Extremists Attack Hospitals in South Sudan, Shooting Bedridden Patients

A displaced South-Sudanese man carries a goat as he and others wade through mud-filled paths between makeshift tents in the United Nations base which has become home to thousands of those displaced by recent fighting. (AP Photo/Matthew Abbott)NAIROBI, Kenya (AP) — Patients were shot in their hospital beds, medical and humanitarian staff killed, and medical facilities were destroyed in fighting in South Sudan since December in actions that breach international law, an aid group said in a report released Tuesday.

Doctors Without Borders said the attacks on health facilities are denying medical assistance to hundreds of thousands. The group said of 58 killed in four hospitals, 25 were patients, 27 had sought shelter, four remain unidentified and two are government officials. Hospitals have also been looted.

"Humanitarian law and principles provide legal protection to civilian populations and medical personnel and the medical mission in particular. Deliberate attacks on medical facilities and personnel constitute a clear violation of such provisions," the group said in a report that stated all parties in the conflict are bound by provisions of International Humanitarian Law.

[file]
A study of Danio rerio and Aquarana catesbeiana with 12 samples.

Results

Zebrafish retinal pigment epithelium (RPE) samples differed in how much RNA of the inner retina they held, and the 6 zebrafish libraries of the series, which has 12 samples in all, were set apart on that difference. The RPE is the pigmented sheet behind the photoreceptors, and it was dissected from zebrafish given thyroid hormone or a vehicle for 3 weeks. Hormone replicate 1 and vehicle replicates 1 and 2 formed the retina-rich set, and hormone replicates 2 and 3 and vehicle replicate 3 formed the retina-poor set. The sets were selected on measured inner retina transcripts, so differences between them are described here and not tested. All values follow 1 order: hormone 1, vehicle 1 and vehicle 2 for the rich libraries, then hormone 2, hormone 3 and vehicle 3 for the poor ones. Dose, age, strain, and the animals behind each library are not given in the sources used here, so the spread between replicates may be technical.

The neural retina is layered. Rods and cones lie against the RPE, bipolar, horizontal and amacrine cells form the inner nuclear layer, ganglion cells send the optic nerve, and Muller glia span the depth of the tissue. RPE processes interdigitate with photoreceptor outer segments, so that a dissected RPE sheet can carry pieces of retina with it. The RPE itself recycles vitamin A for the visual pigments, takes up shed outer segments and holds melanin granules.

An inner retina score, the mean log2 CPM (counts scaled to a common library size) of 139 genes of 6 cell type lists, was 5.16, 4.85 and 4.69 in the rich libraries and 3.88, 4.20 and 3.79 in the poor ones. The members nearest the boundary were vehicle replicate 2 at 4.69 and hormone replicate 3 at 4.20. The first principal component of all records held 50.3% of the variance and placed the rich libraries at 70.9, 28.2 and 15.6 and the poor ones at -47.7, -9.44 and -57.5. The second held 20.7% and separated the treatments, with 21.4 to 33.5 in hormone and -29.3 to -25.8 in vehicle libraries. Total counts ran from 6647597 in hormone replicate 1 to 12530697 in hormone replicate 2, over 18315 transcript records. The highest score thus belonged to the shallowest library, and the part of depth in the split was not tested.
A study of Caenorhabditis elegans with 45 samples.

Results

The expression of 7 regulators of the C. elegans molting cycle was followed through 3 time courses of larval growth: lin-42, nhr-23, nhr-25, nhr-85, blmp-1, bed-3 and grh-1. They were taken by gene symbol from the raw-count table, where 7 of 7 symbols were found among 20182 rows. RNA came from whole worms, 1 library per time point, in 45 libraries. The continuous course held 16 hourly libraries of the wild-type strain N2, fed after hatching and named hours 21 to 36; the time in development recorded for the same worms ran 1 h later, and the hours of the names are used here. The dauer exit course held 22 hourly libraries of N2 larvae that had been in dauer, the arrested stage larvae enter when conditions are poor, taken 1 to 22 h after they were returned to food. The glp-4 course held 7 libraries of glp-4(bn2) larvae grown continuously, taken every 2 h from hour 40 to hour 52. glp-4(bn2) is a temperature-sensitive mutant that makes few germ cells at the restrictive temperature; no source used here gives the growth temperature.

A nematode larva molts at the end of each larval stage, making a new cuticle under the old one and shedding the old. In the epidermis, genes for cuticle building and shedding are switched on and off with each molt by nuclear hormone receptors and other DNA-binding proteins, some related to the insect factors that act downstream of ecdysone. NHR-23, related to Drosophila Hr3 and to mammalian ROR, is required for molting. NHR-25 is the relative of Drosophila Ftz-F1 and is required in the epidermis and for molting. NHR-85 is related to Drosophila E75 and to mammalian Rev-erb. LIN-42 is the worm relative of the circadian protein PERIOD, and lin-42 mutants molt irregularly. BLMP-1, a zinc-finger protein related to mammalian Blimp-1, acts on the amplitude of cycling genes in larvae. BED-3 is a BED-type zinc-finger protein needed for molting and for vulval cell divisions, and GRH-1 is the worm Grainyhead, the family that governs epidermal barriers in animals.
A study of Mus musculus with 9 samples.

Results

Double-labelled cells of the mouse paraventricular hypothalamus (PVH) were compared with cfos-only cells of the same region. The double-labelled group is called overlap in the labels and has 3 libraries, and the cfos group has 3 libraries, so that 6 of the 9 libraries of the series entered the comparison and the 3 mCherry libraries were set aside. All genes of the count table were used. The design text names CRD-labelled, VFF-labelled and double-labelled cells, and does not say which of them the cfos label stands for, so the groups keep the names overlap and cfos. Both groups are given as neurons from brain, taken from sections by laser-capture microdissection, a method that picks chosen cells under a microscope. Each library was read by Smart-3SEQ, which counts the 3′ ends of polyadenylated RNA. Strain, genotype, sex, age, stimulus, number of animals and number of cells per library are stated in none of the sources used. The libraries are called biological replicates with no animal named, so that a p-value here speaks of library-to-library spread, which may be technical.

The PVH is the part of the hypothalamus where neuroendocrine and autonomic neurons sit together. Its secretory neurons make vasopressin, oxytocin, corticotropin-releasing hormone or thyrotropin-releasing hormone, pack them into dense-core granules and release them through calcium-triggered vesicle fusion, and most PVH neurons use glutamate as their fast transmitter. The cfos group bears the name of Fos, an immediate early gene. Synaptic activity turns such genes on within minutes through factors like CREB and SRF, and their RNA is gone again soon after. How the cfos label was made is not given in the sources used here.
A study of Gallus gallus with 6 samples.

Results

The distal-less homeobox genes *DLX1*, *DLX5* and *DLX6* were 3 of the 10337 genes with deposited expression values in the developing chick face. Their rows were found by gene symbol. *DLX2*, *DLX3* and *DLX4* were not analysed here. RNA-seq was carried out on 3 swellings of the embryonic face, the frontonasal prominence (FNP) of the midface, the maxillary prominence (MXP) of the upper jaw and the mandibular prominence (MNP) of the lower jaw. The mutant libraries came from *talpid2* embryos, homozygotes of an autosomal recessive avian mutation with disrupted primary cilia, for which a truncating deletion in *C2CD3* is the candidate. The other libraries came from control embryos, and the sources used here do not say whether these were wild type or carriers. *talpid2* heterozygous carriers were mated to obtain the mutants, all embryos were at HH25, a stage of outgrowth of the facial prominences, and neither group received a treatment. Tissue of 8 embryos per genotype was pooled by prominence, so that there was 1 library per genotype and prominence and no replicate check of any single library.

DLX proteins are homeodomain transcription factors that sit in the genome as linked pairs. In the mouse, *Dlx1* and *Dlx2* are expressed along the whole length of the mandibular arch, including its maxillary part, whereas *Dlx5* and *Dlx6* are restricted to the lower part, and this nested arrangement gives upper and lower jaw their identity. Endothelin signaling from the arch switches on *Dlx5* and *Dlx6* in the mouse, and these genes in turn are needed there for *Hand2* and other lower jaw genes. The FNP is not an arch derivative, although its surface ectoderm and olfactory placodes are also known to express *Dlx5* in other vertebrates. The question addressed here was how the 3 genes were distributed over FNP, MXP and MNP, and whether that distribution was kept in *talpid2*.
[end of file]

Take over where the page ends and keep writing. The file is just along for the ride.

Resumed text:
South Sudan was plunged into violence in December when President Salva Kiir accused former Vice President Riek Machar of attempting a coup.

Thousands have died and more than 1.3 million people have fled their homes since the conflict erupted, often pitting Kiir's Dinka tribe against Machar's Nuer community. The fighting has reduced significantly since the latest cease-fire agreement signed on June 10, but the negotiations being held in Addis Ababa, Ethiopia between the two factions have stalled.

The United Nations has also said in reports that there have been gross violations of human rights "on a massive scale."

In Bor the capital of Jonglei State, a team from Doctors Without Borders was told of 14 patients who were shot dead in the Bor State Hospital during December attacks. The team said they also saw the decomposed bodies of a woman and child in a water tank in the hospital compound.

At the Malakal Teaching hospital in the capital of Upper Nile State, a Doctor Without Borders emergency coordinator said after withdrawing in February because of heaving fighting, the aid workers returned later that month and found 14 dead bodies scattered around the compound. Eleven of the bodies belonged to patients.

"Such acts also have far-reaching consequences, as people become afraid of hospitals and of seeking medical care," the aid group said and appealed for accountability from the all armed actors engaged in the conflict.